Yesterday, 25,000 (or 30,000, depending on source) runners participated in the Beijing Marathon.  Masks of various types were used.  However, air pollution did not bother Girmay Gebru of Ethiopia, who won in 2:10:42:

While it was reported that "most" runners finished, it wasn't clear how many died.  The government had issued a BLUE WARNING, meaning, the air quality was unsuitable for outdoor activities.  Not sure what blue means, for:

Maybe blue means off the charts, for there were readings in Dingzhou yesterday that went beyond the highest level on the index.  From another source, here is what I found about BLUE:

Beijing Initiated a Blue Warning  

From Beijing’s severe air pollution emergency director’s office), the reporter found out, Beijing’s unfavorable weather conditions continued to influence the air quality, as the air current moved poorly. At the same time, the fireworks and firecrackers set off on the night of Lantern Festival increased the degree of pollution. From 6 pm on the day of Lantern Festival, the density of PM2.5 increased markedly, rising to a peak hourly average of 500 micrograms per cubic meter. There was even an individual instance of 900 micrograms per cubic meter recorded. Compared with the peak recording on New Year’s Eve, Lantern Festival was 50% higher.

Apparently BLUE means an Air Quality Index greater than 500.  There was some sense of humor, as the general theme had to do with airpocalypse and there was no Ebola scare, for no one wore a Hazmat suit.  Interesting that, as bad as Beijing might be, here are the world's worst air polluted cities:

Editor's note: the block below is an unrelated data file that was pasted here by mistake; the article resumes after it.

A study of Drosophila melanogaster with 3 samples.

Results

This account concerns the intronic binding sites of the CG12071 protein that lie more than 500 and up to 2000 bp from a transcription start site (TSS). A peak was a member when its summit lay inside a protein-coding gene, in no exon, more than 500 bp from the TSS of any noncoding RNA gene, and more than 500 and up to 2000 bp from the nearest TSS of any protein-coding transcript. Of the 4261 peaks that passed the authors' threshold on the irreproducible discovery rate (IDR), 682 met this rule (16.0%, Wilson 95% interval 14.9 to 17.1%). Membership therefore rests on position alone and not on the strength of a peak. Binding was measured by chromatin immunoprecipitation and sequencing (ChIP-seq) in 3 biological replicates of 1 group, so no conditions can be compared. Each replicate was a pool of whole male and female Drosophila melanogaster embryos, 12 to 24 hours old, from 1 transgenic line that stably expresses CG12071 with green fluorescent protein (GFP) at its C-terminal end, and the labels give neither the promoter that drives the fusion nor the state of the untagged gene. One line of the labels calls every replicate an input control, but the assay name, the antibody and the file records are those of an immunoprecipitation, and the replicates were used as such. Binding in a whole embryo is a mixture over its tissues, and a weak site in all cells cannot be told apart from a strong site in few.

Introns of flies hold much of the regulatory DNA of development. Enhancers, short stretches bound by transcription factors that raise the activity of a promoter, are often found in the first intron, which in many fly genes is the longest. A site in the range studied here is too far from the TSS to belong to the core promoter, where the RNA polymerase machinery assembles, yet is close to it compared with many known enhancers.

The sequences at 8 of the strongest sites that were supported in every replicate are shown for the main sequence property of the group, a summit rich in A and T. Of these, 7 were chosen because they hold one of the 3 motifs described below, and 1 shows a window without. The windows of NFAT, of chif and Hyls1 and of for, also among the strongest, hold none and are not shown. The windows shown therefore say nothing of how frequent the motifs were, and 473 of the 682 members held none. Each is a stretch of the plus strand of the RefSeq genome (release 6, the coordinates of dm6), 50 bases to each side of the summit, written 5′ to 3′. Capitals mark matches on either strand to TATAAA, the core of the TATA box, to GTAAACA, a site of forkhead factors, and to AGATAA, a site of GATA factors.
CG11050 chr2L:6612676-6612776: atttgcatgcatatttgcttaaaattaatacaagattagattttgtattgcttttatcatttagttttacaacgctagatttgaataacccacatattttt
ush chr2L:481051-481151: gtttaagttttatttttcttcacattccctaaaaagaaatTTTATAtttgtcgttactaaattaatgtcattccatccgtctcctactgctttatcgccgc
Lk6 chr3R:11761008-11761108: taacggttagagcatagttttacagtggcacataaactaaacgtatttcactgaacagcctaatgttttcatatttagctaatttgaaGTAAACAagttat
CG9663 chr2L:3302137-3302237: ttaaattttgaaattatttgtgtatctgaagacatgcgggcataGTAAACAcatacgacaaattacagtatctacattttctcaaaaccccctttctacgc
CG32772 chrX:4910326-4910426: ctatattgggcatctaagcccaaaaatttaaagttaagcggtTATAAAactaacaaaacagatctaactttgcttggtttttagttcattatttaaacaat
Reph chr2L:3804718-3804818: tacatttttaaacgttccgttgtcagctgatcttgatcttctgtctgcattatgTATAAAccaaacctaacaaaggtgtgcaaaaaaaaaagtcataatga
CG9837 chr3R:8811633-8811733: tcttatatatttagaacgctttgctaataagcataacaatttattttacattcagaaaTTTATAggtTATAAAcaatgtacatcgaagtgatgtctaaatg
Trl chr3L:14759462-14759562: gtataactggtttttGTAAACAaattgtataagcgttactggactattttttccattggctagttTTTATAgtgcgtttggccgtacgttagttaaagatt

If you're wondering why Beijing is not listed, this has something to do with the use of particulate matter (PM) size:  PM10 micron by the world and PM2.5 micron by China.  In general, you can inhale a 10 micron particle, but the smaller 2.5 micron is far more dangerous, as it gets into your blood stream.

Last month, September, was the hottest on record. This April, May, June and August also equalled or broke the all-time monthly highs:

"We shouldn't be beating the all-time records without an intense El Nino," said Andy Pitman (right), director of the ARC Centre of Excellence for Climate System Science at the University of NSW. "What the hell's going to happen when we do get [one]?"

Hurricane Ana remains at 80 MPH, is today south of Kauai/Niihau, and will turn north from tomorrow.

Best as I could tell, Ana was kind to Hawaii.  Honolulu has had gentle rains for a day and a half now, with sunlight expected this afternoon.  Whew!